Banaras, the quintessential spiritual city of India, can be a shock to the first-time visitor. Crowded and noisy, slow traffic, beggars and vagabonds, meandering bulls and cows, overarching religiousness–you want to escape even before you have settled in. But then, it's not easy to grab the essence of one of the world's oldest living cities. As wrote Mark Twain in 1897, "Banares is older than history, older than tradition, older even than legend, and looks twice as old as all of them put together.”

Varanasi, a city that dates back to eternity, can be best explored on foot, because that's the only way you can wander off into the tapering narrow alleys. Get on a boat at sunrise and see how Banares wakes up, followed by walk in the narrow alleys visiting temples, glimpse of local life and ending your day chanting Budham Sharnam Gachhami (which means I go to Buddha for refuge) at Sarnath.


The palace is one of the ancient city's oldest landmarks. It was initially built as a fort in the early 1800s by Shridhar Narayana Munshi, minister for the estate of Nagpur, and the evidence remains in its doorways, which are small, to make entry difficult. The fort and ghat was acquired by Rameshwar Singh Bahadur, the king of Darbhanga, in 1915, when it was turned into a palace. But after it fell into disarray for many years, Brijrama acquired the property in 1994. It took almost 20 years to carry out the restoration work (one can see the evidence in old black-and-white images) to make a property fit for guests.

The luxury heritage hotel has 32 well-appointed rooms across several categories Nadidhara, Dhanurdhara, Vasundhara, Maharaja Suite, Varuna Burj on three different floors. The décor is elegant with traditional furniture and embellished in the jewel colours of Banarasi silks. Traditional lamps and beautiful paintings adorn the walls of the rooms that boast of time-honoured interiors with a chic twist. If it's the view you are after, aim for the 300 square foot Varuna Burj Room, also known as 'The Bastion,' a semi-circular room which is an extension of the palace wall. Guests can enjoy a spectacular 180-degree view of the crescent at Varanasi and experience the Ganges.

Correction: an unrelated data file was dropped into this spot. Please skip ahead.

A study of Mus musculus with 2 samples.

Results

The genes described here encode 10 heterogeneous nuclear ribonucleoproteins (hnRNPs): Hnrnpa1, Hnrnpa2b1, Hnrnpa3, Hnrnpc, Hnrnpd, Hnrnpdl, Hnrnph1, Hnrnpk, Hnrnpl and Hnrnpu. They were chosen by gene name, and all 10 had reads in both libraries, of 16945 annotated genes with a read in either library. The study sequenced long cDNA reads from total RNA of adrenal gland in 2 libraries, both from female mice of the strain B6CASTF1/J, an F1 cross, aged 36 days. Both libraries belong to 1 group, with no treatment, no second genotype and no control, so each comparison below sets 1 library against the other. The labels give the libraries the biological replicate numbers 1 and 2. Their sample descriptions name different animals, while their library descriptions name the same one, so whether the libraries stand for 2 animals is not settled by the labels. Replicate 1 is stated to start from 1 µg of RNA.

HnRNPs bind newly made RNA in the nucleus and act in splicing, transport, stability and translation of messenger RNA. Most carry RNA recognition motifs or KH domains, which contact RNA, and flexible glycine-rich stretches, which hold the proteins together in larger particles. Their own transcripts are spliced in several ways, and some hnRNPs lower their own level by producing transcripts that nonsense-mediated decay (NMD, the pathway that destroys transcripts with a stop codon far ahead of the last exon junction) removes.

The narrow alleys of Varanasi are worth exploring. Each morning brings a new bundle of energy and enthusiasm to Varanasi, but the only thing that evokes the essence of the place is its everlasting and exotic food. A visit to Banaras is incomplete without exploring places with the best cuisine and heritage of the city, which are hidden in the narrow lanes of Kashi. These streets are the life of Banaras, where one can connect with the people’s way of living.

But then one is suddenly struck by the wafting smell of piping hot kachoris and jalebis being fried in hot oil. People stop for a glass of fresh lassi just next to the trash. Also can see German bakeries and Korean eateries with humble, ambient interiors where much of the foreigners settle for food and their daily quota of air-con.

All the razzmatazz of hippie street shopping and street food is here. But what's fascinating is that the locals still habituate these streets and the nuances of their daily lives blend into the 'touristy' experience. The life in the gallis almost like the city's obstinate declaration that yes, it is one of the oldest cities in the world and its legacy transcends time. One doesn't possess the power to change its ways but it can definitely sway you.

So, let us not miss the golden chance of experiencing the beauty of the city through its delicious culinary traditions and locations of historical importance.